Across the Corn Belt, mild, dry weather prevails, except for a few areas of snow west of the Mississippi River and some lingering rain in the lower Great Lakes region. The upper Midwest still has some snow on the ground; current depths include 2 inches in Grand Forks, North Dakota, and an inch in Minneapolis, Minnesota.
On the Plains, mild, dry weather prevails, except for patches of snow in the Dakotas. Across the central and southern Plains, drought-stressed winter wheat is benefiting from recent topsoil moisture improvements.
In the South, dry weather prevails in the wake of a departing cold front. Southeastern pastures and winter grains are benefiting from recent soil moisture improvements. In Florida, topsoil moisture was rated 50% very short to short on December 16, an improvement from 61% the previous week.
In the West, showery, unsettled weather prevails in western sections of Washington and Oregon. In addition, some light precipitation is breaking out in southern California and the Great Basin. Meanwhile, cooler air continues to overspread the entire region. In Arizona, 85% of the cotton had been harvested by December 16.
Colder air will gradually overspread the western and central U.S., with most areas west of the Mississippi River experiencing below-normal temperatures by Thursday. By week’s end, temperatures will quickly rebound across the nation’s mid-section. Early next week, sharply colder air will once again settle across the western and central U.S.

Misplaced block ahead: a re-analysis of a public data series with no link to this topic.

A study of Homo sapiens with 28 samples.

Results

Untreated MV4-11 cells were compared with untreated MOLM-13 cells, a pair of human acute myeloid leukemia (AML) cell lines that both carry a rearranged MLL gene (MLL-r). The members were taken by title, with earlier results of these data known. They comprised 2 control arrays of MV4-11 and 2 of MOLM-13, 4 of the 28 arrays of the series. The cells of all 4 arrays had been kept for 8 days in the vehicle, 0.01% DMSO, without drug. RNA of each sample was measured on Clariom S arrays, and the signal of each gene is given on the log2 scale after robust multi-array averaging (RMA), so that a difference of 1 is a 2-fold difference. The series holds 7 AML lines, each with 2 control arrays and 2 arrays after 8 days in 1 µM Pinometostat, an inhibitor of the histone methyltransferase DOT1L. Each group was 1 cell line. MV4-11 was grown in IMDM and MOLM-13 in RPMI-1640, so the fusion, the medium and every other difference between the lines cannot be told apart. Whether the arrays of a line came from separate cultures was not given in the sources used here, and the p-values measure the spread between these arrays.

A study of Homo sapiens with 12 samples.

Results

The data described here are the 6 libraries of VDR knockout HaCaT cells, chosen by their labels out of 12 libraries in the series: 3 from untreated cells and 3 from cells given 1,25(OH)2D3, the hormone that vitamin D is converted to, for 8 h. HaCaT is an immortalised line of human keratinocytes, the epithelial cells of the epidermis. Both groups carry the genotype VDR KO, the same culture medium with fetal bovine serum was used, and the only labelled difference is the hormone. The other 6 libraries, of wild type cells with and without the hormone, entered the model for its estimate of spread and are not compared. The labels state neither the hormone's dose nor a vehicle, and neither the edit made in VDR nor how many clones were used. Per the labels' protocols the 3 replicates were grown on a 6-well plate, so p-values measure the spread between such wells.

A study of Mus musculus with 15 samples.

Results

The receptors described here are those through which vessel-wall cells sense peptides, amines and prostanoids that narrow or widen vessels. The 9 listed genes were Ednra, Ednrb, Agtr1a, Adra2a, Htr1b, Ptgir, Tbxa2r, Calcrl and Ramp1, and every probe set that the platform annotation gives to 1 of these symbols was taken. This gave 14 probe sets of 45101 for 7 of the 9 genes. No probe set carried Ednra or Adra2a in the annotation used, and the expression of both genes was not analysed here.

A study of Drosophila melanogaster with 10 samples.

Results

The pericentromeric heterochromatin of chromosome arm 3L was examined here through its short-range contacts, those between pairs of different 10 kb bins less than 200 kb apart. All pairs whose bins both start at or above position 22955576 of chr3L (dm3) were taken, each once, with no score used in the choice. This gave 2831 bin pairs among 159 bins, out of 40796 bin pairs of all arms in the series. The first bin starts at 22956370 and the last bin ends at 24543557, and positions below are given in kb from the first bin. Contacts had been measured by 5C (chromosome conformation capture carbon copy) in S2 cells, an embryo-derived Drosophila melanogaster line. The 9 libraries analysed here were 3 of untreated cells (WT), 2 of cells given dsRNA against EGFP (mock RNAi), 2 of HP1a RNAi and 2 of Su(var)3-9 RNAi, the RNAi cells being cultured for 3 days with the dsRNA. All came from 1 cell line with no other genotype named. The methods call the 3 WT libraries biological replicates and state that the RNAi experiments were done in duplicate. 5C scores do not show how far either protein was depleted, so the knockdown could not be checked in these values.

The series of storms responsible for the rapid temperature swings will maintain unsettled conditions across much of the nation. Five-day precipitation totals will reach 1 to 2 inches in parts of the Midwest and 2 to 4 inches in the Northeast. Portions of the Pacific Northwest could receive 4 to 8 inches. In addition, significant high-elevation snow can be expected in parts of the Southwest later Tuesday and in the Northwest during the next several days. On December 19-20, snow will spread from the central Plains into the western Corn Belt and portions of the Great Lakes region.
Looking ahead, the 6- to 10-day outlook calls for near- to below-normal temperatures and near- to above-normal precipitation across the majority of the U.S. Warmer-than-normal weather will be mostly confined to southern portions of New Mexico and Texas, as well as the nation’s northern tier from the upper Great Lakes region to northern Maine. Meanwhile, drier-than-normal conditions will be limited to southern portions of the Rockies and High Plains.